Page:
It’s been raining here non-stop – almost—for months—almost. At least that’s the way it feels. This is terrific for our lawns and gardens, but not so much for anyone longing to get a bit of (dry) fresh air and sunshine. If you’re anything like me, though, a rainy day is an invitation to a good book, or any book, good or otherwise. It’s an opportunity to lose yourself in the pages (or electronics if that’s your preferred platform), to learn something, to be entertained, to be provoked, to daydream.
I have two questions for you: What does a writer read? And…What should a writer read?
The first question is, of course, making the reasonable assumption that writers read. Of course they read. The answer to the question is obvious: whatever he or she wants to read. My answer to the second question – what should a writer read – might surprise you.
Perhaps you think that writers should read about writing. Or they should read books in their specialty area (for example if you’re a creative non-fiction writer, you should read creative non-fiction; if you’re an historical novelist, you should read historical novels; if you’re a women’s lit writer, that’s what you should read and so on). Of course it’s important for you to read the kind of literature that you write. In fact, it’s probably more important the other way around: you should probably write what you like to read. So, it’s likely that you will read all of this anyway. But in my view it’s only part of what you should read.
I think it’s important to cross-read. This is a natural extension of last week’s discussion of cross-writing and is related again to the concept of creativity cross-training. Reading in genres far afield from your everyday work and writing is one of the best ways to keep your creative mind working overtime. And it’s fairly easy to tell if you’re a cross-reader; stack up the books you are currently reading, and the books that you have on your next-to-read list, and see what’s there.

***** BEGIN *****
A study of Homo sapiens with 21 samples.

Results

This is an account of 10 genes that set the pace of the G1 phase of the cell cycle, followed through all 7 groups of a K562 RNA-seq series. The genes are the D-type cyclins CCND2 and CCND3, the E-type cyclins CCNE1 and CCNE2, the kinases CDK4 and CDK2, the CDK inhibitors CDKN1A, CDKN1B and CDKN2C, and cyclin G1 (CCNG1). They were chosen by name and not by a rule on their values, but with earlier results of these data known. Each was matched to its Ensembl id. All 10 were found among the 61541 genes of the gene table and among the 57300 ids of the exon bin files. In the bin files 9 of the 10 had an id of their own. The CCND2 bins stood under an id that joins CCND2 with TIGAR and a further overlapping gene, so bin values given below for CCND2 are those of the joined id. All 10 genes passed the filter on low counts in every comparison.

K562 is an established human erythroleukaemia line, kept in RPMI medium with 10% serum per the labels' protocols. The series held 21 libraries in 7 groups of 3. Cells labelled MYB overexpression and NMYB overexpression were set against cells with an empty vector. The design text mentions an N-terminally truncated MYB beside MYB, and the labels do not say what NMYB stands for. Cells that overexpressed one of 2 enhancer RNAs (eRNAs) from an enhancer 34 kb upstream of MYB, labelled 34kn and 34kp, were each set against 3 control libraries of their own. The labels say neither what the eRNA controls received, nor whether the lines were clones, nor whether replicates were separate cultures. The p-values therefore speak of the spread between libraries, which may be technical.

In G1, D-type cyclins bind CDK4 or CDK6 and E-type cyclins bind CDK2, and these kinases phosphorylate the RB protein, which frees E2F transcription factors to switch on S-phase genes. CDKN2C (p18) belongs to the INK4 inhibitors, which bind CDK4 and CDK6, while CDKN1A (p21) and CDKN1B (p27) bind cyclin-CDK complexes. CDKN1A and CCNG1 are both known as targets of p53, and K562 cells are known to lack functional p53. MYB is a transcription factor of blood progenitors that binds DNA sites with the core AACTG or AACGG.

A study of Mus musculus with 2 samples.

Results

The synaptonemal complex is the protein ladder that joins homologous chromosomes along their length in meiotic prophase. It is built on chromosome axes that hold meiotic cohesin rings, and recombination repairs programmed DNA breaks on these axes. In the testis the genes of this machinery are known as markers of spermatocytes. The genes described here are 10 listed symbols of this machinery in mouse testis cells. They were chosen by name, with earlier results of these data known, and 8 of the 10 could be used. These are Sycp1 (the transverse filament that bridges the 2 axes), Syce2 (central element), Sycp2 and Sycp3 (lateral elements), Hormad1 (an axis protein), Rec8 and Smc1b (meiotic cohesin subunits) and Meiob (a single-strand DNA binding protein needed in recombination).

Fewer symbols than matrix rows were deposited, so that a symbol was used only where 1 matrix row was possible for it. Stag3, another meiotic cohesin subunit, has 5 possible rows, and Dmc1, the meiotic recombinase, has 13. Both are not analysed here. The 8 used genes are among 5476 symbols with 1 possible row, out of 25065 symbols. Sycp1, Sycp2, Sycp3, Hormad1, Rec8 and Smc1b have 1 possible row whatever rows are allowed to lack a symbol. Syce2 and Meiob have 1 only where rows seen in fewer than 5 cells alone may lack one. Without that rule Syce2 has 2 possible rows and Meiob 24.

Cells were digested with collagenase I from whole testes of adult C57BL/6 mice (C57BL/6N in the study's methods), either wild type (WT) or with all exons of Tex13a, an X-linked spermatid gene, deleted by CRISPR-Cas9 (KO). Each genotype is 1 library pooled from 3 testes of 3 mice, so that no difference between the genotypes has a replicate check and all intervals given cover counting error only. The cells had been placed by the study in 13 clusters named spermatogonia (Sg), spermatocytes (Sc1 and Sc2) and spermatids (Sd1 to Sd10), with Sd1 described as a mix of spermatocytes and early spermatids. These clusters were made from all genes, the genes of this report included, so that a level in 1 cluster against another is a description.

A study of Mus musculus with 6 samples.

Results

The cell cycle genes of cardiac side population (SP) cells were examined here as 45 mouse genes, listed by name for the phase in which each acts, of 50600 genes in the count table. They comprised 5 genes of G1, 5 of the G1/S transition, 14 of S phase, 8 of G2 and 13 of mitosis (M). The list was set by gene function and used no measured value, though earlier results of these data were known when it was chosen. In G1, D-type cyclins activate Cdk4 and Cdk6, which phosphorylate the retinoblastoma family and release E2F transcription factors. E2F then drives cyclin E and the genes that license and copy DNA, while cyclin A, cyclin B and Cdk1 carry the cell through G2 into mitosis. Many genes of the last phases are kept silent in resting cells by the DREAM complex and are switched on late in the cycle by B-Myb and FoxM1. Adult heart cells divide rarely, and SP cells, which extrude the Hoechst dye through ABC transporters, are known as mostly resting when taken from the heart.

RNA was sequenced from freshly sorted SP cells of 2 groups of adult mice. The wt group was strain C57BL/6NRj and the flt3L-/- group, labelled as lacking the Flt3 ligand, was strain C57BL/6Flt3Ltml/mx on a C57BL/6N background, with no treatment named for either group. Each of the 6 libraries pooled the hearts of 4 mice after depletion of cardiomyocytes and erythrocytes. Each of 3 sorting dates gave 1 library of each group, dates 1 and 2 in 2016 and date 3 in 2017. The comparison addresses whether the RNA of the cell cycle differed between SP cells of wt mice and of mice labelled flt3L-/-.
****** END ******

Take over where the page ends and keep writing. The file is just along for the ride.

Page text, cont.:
Here’s my current stack of reading-now books…
As I mentioned, it’s been raining, so both my husband and I have managed to take on Stieg Larsson’s trilogy and I’m on the final one The Girl Who Kicked the Hornet’s Nest. We added onto that experience by watching the Swedish (with English sub-titles) movie versions. We’ll watch the final one this weekend after I finish reading it.
But you can see a real range of literature in this pile.
- London Day-by-Day is a representation of my favorite way to prepare for a trip. I’ve been to London several times before, but next month we’re meeting my son (who lives in Europe) there for a few days before ticking off one of the experiences on our bucket list for which he will join us: a transatlantic liner crossing from London to New York on the Queen Mary 2. This little book series is my bible for walking new areas of cities. Sometimes they are even useful in the future when I’m writing about those cities.
- No Exit and Three Other Plays by John Paul Sartre is a bit outside my usual reading. In fact, I can’t remember the last time I actually read a play. However, one of my avocations is writing ballet libretti and I promised a new one to my son who is a budding choreographer. I’ve been inspired by the notion of Sartre’s take on hell.
- Health Communication – what can I say? I’m also working on the development of a new course in my department (many of us writers do still have day jobs).
- Finally, the book on vintage purses represents one of my passions: handbags. I actually have a collection of vintage Coach handbags. The truth is that one of the antique handbags I came across in my cross-reading is the inspiration for some research for another historical novel.
See, what did I tell you about cross-reading? What are you reading now?